Four Advantages of Using PostgreSQL in the Cloud

Ed Boyajian
Ed Boyajian
Ed Boyajian is president and CEO of EnterpriseDB.

The buzz surrounding the cloud is ringing louder and louder throughout the enterprise, from the boardroom to business line decision-makers to IT. The question here is, "What is a developer to do when selecting a cloud database?" For most database vendors, the cloud has only meant a new delivery channel for the standard "data center version" of their products. That poses significant challenges and risks for end users trying to take advantage of cloud computing - many are unable to utilize the real utility of the cloud because of limitations of the underlying database.

End users must maneuver a crowded marketplace to find the solutions that are truly optimized for a cloud environment and to be able to take advantage of its benefits. When optimized for the cloud, database-as-a-service promises data portability and mobility, scalability and elasticity, lower costs and ease of use. Whether these promises can truly be realized will depend on the underlying database.

Welcome PostgreSQL, the enterprise-class open source database used by some of the largest companies in the world to handle exceptionally large workloads. PostgreSQL (or just Postgres) has had years of hardening and development by a talented and committed community and fast-growing vendor ecosystem. Consider these four significant advantages of using Postgres in the cloud to deliver on the promise of database as a service.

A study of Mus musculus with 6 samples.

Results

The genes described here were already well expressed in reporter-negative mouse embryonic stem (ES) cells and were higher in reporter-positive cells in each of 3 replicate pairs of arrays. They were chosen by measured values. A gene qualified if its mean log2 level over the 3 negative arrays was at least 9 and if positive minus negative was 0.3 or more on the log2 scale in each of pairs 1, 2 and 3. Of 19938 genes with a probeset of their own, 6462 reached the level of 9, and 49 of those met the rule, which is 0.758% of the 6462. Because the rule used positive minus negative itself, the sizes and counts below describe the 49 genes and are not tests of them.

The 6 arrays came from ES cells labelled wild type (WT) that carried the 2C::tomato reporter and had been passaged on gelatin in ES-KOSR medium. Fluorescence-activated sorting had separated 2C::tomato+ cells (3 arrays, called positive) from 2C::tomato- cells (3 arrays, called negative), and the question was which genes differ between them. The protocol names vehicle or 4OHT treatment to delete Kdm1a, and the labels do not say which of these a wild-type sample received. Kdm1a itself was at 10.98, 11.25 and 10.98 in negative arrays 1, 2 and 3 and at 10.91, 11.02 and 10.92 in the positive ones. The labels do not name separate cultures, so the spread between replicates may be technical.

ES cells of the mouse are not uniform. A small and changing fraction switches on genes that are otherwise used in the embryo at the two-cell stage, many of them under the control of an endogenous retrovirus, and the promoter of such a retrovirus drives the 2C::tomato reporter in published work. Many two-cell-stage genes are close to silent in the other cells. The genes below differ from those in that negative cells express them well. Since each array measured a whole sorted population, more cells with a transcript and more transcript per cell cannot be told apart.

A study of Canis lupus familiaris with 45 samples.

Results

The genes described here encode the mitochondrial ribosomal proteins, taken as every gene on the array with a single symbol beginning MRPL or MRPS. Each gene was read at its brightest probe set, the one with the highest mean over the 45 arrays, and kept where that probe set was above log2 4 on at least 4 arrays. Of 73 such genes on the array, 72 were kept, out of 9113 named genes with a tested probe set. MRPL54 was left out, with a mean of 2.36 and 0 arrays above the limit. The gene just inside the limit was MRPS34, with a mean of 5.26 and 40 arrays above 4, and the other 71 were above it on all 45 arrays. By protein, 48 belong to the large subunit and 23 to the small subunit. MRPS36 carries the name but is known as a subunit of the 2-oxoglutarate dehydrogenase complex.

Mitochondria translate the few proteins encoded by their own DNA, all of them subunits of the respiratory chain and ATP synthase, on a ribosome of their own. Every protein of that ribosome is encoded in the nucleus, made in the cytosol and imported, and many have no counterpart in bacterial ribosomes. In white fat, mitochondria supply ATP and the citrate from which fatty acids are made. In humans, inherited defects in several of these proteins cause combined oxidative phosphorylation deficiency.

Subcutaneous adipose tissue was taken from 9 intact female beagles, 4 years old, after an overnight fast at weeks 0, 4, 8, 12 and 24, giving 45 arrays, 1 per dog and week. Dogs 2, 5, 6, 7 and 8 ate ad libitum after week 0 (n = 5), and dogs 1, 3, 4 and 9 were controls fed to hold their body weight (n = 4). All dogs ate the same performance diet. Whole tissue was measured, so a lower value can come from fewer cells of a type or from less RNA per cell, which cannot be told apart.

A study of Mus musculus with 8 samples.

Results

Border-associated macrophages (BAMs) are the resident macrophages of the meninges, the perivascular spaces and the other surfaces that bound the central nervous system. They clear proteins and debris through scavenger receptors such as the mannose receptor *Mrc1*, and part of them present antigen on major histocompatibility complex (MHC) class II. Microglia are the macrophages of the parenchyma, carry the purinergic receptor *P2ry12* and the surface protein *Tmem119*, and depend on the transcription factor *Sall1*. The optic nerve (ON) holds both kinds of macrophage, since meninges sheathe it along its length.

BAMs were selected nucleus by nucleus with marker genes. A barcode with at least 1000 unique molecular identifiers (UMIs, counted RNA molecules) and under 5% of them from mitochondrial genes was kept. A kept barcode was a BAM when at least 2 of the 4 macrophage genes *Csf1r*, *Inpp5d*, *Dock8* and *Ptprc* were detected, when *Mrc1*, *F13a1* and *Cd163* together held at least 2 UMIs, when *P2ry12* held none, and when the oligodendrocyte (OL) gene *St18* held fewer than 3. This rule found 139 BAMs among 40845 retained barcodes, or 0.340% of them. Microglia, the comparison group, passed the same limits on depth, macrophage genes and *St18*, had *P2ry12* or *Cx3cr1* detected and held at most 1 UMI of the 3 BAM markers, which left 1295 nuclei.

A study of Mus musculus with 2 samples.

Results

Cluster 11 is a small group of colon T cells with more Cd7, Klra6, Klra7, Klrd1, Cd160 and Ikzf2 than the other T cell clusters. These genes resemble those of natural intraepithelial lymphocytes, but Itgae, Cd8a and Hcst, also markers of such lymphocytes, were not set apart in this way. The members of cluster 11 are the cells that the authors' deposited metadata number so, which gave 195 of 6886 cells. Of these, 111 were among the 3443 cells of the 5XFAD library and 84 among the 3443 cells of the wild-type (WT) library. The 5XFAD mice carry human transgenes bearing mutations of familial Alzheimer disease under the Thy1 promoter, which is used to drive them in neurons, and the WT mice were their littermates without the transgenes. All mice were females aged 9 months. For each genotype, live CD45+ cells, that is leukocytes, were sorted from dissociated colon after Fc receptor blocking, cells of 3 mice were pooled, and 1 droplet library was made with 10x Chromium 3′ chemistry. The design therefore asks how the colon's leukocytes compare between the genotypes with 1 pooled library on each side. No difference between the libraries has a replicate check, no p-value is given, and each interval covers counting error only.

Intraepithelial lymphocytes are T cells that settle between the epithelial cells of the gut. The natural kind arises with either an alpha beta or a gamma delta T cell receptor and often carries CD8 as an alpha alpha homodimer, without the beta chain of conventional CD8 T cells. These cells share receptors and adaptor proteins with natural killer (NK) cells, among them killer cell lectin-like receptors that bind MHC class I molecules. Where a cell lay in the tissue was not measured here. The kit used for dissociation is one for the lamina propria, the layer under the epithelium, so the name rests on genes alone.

1. Portability. With open source software, end users achieve the flexibility and control they have come to value - and the freedom to move data to any platform and utilize all of the existing tools and applications they've invested in developing. Having Postgres run on Amazon, CloudBees, HP Compute Cloud, OpenStack and other platform-as-a-service and infrastructure-as-a-service providers means end users are not locked in to any one cloud provider, but are free to move their database as their needs change.
  2. Scalability and Elasticity. Some platforms provide the database running on a single instance, which cannot scale because it's limited to that instance. This negates the whole point of being in the cloud. Key Postgres vendors have developed enhanced versions of community Postgres that are optimized for the cloud to realize the full resources of the environment. This includes automatically adding compute power and physical storage as demand grows and to create or release additional database instances as needed.
  3. Low Cost. Open source software provides a compelling alternative to costly, traditional enterprise solutions. Postgres in the cloud now enables pay-as-you-go pricing for the database.
  4. Ease of Use. The cloud is supposed to make things easier, and help more individuals in the enterprise take control of their applications. Tasks like starting up a new database cluster and configuring it for load balancing and high availability used to be the domain of the DBA. Now, with cloud versions of Postgres, developers can manage the same tasks with ease.

We're seeing a wide-scale migration to cloud computing across the enterprise. With that growth has come greater clarity in what developers need in a cloudified database. The solutions are expected to deliver lower costs and management ease with even greater functionality because they are taking advantage of the cloud. Finally, vendors are offering a truly cloudified database with Postgres at its core. The flexibility, portability and control that an open source database like Postgres gives to IT and developers are making it the right play for business.

Ed Boyajian is president and CEO of EnterpriseDB, which provides enterprise-class PostgreSQL products and services to help IT organizations succeed with the world's most advanced open source database.